Reviewed by Jed R. Cruz

DRAGON TEETH                                                                                                                                                                                      By Michael Crichton                                                                                                                                                                                     304 pp. Harper.

Dragon Teeths book cover looks suspiciously like another more well-known Michael Crichton novel: his name is displayed prominently with a silhouette of what’s clearly a dinosaur skull. This reviewer wouldn’t fault anyone for assuming that Dragon Teeth is the next chapter in the tale started by Jurassic Park—until, of course, they notice the tiny cowboy perched on top of the skull, transforming the bone ridges into a Marlboro-esque prairie of a landscape.

Dragon Teeth is truly about that cowboy and his world: the American West after the Civil War and just five minutes before the sweeping influence of the industrial revolution would stamp out most traces of wild out of the west. The protagonist is William Johnson, a city-dwelling college student from Philadelphia who unwittingly makes a bet that catapults him out into the frontier as a photographer covering an expedition seeking dinosaur fossils.

It is made clear by the author that William Johnson is purely a fictitious character, although throughout his journey, he meets real-life historical figures both well-known and obscure with surprising and amusing regularity. It’s a grand and colorful setting, and one that Crichton describes with confidence and delight. Dragon Teeth is clearly a Western, with lawless towns, saloons full of scoundrels, Indians of various tribes (both friendly and hostile), and stagecoach chases, but it is also a story about science and the lengths that some people would go to in order to explore it, or master it, or exploit it. Johnson’s transformation from pampered student to seasoned adventurer happens gradually and believably, although the characters that he meets and travels with are less fleshed out and seem caricatured in comparison.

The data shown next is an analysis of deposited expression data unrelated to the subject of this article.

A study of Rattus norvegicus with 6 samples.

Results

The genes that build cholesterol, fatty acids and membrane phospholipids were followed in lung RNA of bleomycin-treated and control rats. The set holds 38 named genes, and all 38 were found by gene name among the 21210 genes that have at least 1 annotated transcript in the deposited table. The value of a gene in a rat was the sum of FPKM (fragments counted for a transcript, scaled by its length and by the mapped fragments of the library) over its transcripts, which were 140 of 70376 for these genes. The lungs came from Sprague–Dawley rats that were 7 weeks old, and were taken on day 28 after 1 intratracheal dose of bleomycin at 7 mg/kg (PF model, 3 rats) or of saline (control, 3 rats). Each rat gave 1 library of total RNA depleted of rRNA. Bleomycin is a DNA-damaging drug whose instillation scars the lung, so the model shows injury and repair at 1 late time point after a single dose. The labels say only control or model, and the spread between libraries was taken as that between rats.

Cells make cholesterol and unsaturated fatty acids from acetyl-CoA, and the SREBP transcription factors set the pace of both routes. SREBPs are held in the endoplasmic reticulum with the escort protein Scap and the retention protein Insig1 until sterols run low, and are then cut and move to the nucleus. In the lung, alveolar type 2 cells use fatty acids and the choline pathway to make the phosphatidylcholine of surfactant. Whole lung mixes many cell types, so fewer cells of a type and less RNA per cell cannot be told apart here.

Perhaps this is a consequence of the novel’s historical trappings, as an early driving force behind the plot is the true-to-life rivalry between two notable paleontologists of the time. Writing characters who actually existed could be constricting in many ways.

Of particular interest are the journal entries told from various points of view that pepper the narrative: Crichton writes that many of these are taken from never-before-published real-life entries of some of the people that appear in his story. Watching fiction and historical fact meld together is fascinating. Trying to find the seams to tell them apart is even more so.

Ultimately, Dragon Teeth is a small, personal journey through an enormous time and place—a journey that simply allows glimpses and snippets of grander things happening along the fringes of the novel’s framing. Johnson’s tale happens in the space of a few months from 1875 to 1876, but because of the threads of other historical events drifting in and out of the narrative, it ends up bigger and more realized than just one year of hammering rocks out in the badlands.

It is a stronger story for all of those elements. Adventure fans, Western fans, and anyone interested in American history will find a lot to enjoy in Dragon Teeth.

 

Get a copy of Dragon Teeth online.


Jed is one of the co-founders of Popsicle Games, a game development studio based in the Philippines. He has worked as an animator, web designer, and college instructor, but he continues to dream of writing for a living.

Jed is a member of the First Look Club. Follow him on Facebook and Twitter.

[Thoughts and views expressed in this article are those of the author and do not necessarily reflect the views of Fully Booked. Then again, we love our authors anyway.]